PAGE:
Sunday, December 4, 2011

What is the inner game of stress?

‘The Inner Game of Stress’, by Timothy Gallwey (with Edward Hanzelik and John Horton) is the latest of a series of inner game books.Tim Gallwey has previously written books about the inner game involved in several sports, including tennis and golf, and the inner game of work - based on his experience as a coach and trainer. Hanzelik and Horton are medical practitioners who conduct stress seminars drawing on their understanding of the inner game as well as on their medical knowledge.

I think it would be fair to say that all of Gallwey’s books are to a large extent about avoiding the adverse effects of stress on our ability to function. This book is as much a pleasure to read as Tim Gallwey’s other inner game books. Gallwey is an expert in getting his message across by telling interesting stories based on his own personal experience. I have read all but one of his books. I wrote an article a few years ago describing how the books had helped me in dealing with a stress-related problem.

The main point in this book is that stress involves an inner game as well as external stressors. The inner game arises largely from trying to live with illusions about our own identities. It is as though an internal ‘Stress Maker’ has stolen our identities and substituted an illusion in order to create fear, doubt and confusion. The illusions woven by the ‘Stress Maker’ originate from the concepts, perceptions and expectations of other people.

The great strength of the inner game approach, it seems to me, is that it encourages the belief that each of us has a real identity (a natural self) that we, as individuals, are ultimately responsible for developing. Other people may see our identities as illusions that we have created in our own minds, but we should know better. We know intuitively how to be who and what we are when we recognize our inner resources and the opportunities for learning and enjoyment that are available in association with pursuit of our performance goals. We can learn to trust ourselves to function more successfully.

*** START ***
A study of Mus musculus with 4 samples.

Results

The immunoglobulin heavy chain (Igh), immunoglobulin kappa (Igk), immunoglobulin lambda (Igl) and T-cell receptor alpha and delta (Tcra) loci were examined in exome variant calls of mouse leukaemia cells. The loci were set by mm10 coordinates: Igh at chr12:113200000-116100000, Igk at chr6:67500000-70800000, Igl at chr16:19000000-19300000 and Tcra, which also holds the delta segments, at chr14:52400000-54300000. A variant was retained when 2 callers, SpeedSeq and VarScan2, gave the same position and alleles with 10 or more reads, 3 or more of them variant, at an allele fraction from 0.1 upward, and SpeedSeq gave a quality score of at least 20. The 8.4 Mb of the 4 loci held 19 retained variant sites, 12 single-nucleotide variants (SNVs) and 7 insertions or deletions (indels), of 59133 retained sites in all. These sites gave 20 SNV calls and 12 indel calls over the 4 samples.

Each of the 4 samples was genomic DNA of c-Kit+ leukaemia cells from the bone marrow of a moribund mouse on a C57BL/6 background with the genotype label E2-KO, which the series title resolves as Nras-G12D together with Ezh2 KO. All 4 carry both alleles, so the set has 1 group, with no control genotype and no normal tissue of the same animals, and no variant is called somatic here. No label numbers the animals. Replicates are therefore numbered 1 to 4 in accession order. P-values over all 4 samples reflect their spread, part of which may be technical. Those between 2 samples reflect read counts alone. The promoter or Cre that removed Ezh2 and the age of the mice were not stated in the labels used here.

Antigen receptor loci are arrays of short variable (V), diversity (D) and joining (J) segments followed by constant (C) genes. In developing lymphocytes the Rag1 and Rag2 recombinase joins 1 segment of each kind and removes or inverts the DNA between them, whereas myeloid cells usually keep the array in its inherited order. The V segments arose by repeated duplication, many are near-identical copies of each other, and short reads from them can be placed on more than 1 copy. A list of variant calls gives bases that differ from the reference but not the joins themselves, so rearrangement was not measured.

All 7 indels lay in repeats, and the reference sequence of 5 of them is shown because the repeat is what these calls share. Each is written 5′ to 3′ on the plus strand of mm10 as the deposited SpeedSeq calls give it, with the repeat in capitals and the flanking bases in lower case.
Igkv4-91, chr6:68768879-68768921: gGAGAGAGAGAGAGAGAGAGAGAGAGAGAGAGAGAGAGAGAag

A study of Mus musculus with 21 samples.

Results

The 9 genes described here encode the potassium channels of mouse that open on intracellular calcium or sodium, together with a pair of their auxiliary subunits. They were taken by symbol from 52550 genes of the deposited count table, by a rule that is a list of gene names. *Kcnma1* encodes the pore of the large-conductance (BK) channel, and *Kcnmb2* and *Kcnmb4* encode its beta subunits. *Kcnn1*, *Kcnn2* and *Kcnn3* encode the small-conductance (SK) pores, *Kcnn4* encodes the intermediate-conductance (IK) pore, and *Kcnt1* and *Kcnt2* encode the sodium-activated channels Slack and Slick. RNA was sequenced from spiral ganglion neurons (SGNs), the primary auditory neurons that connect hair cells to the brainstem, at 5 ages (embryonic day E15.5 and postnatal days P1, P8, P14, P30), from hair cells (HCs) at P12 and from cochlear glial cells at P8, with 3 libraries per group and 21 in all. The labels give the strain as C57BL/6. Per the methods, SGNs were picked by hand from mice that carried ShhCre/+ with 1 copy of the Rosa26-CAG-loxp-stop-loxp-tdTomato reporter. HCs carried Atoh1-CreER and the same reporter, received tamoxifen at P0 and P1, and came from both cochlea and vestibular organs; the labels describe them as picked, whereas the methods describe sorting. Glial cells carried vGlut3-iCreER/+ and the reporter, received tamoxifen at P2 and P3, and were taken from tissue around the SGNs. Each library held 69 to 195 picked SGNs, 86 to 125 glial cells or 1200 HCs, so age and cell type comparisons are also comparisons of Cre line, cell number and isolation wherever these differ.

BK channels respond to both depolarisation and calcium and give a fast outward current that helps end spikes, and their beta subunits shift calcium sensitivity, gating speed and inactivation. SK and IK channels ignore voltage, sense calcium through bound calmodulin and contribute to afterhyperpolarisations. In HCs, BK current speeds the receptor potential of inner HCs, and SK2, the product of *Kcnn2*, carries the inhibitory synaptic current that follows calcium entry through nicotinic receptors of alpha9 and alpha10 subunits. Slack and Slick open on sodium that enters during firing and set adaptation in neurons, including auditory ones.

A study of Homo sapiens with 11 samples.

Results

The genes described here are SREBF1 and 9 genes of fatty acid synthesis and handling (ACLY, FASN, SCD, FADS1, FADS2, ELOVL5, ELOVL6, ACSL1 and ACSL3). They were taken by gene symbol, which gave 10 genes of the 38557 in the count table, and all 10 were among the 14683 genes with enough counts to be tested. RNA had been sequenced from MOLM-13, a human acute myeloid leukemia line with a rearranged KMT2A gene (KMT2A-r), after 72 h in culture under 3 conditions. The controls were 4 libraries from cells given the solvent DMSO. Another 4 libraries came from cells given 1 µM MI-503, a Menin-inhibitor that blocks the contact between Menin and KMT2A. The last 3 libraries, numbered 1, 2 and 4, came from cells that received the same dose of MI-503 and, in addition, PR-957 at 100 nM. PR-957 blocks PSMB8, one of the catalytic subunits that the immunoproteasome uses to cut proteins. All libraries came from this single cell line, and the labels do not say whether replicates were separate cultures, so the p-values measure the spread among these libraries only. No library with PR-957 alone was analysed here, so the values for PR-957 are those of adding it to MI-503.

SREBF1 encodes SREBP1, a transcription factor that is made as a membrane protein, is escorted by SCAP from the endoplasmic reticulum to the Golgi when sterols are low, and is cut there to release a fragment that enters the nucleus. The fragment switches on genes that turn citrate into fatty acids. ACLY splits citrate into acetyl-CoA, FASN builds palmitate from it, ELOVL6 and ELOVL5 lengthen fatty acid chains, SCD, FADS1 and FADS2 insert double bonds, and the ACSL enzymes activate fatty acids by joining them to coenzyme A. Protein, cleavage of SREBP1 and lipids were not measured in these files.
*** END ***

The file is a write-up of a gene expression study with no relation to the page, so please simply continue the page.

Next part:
The book provides practical guidance on how to break the momentum of stress – how to stop and become aware of what you are trying to control and what you can control. It discusses the potential we have to liberate ourselves from illusions by re-assessing the meaning of experiences.

From what I have written, some readers might be concerned that the book might encourage people to become too self-centred – to question the social norms that were instilled in them during childhood and to pursue their own interests at the expense of other people. I think such concerns are misplaced. People don't question norms that they have internalized - adherence to such norms is a matter of self-respect rather than fear. The book recognizes that it is important for individuals to have deep relationships with others. One of the exercises in the book involves seeing problems in a relationship from the perspective of the other person – to understand what they may be thinking, feeling and wanting.

Much of the advice presented in the book is based on individual case studies rather than experiments involving large numbers of people. I don't think that is a huge problem as long as the readers who try the exercises suggested in the book approach them as though they are conducting little experiments of their own. That is consistent with one of the themes of the book, which is to encourage readers to become more aware of what they are doing at present and of the effects of doing things differently.

It is possible that this book, and Tim Gallwey’s other inner game books, may benefit some people more than others. On the basis of my own experience, all I can say is that the ideas in Tim Gallwey’s books have served me well.

Anyone interested in learning more about the effects of stress on the body should click here to see a useful interactive chart.


Theresa H Hall said...

I liked it when you said this:

"Anyhow, whatever I say or write other people have to make up their own minds about me. I don’t control other people’s thought processes."

Too many times I find I wonder or am overly concerned about another's perception of me. I shall recall this in order to put this concern into perspective. Thanks!

Winton Bates said...

Hi Theresa
I have even heard some people say that what other people are thinking of you is none of your business.